Dáil Éireann Debate, Tuesday - 1 June 2021

Tuesday, 1 June 2021

Ceisteanna (104)

Bernard Durkan

Ceist:

104. Deputy Bernard J. Durkan asked the Minister for the Environment, Climate and Communications the degree to which he is engaged in the protection against cyber-attacks across all Departments and the bodies under their aegis; and if he will make a statement on the matter. [29384/21]

Amharc ar fhreagra

Freagraí scríofa (Ceist ar Environment)

The National Cyber Security Strategy (NCSC) has a broad remit across the cyber security of Government ICT and critical national infrastructure. The National Cyber Strategy 2019-2024 sets out the role of the NCSC to support Government Departments and other public bodies to improve the resilience and security of their IT systems to better protect services that our people rely upon, and their data. The NCSC works very closely with the Office of the Government Chief Information Officer (OGCIO) in this regard. The NCSC acts as a central contact point in the event of a Government- or nation-wide cyber security incident affecting the State. The NCSC also coordinates and supports the response to significant incidents, with the lead role being taken by the entity affected by the incident. The Computer Security Incident Response Team (CSIRT) is the team within the NCSC that leads in responding to cyber security incidents. The CSIRT has achieved international accreditation and its personnel are highly-regarded internationally. It is this team that engages with the affected body to support it in addressing the threat.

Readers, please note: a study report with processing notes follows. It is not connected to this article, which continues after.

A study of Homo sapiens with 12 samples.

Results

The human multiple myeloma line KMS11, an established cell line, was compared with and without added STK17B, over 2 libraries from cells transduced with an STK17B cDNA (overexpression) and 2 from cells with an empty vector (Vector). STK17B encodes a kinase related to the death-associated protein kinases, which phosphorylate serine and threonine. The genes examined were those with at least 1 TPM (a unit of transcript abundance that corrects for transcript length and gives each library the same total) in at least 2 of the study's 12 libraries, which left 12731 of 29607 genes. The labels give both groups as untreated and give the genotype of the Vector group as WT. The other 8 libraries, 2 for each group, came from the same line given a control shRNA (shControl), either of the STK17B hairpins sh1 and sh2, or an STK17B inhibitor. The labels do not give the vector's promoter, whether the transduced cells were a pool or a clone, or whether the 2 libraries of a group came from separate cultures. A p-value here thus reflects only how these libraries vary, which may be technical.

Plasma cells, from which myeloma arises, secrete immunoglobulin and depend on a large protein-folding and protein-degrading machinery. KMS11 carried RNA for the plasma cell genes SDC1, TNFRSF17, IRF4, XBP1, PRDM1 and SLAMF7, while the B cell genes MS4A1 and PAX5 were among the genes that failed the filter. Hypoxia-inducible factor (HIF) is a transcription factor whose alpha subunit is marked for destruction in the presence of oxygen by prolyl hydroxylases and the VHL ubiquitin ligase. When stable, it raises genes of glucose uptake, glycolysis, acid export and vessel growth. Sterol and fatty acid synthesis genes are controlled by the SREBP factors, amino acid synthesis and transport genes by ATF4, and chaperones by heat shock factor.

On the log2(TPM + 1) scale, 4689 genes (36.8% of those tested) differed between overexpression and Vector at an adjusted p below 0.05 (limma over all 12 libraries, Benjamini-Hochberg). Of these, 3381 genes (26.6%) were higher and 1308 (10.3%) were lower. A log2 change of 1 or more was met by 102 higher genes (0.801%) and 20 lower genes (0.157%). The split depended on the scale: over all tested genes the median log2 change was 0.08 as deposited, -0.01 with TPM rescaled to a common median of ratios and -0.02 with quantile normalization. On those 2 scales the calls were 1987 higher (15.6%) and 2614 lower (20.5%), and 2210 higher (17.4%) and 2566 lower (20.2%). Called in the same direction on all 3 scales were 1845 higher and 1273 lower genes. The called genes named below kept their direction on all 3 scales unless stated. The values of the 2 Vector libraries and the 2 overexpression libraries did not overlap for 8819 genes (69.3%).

Information sharing is a key component of the work of the NCSC whereby it acts as a source of expert advice and guidance, but also as a "clearing house" for information. That is to say it takes in threat intelligence data, trends and risks data, from national, global and local sources, analyses them, and makes sure that those people who need that data get it, either to protect their own systems, or to assist them in carrying out their statutory roles. The NCSC is in regular and frequent communication with international counterparts and there is an ongoing two-way exchange of information.

The NCSC also supports public bodies, operators of essential services and digital service providers to improve their cyber security posture and fulfil their obligations under the European Network and Information Security Directive. The NCSC takes a very proactive role to supporting these important bodies on their cyber security journey by hosting seminars and workshops for instance.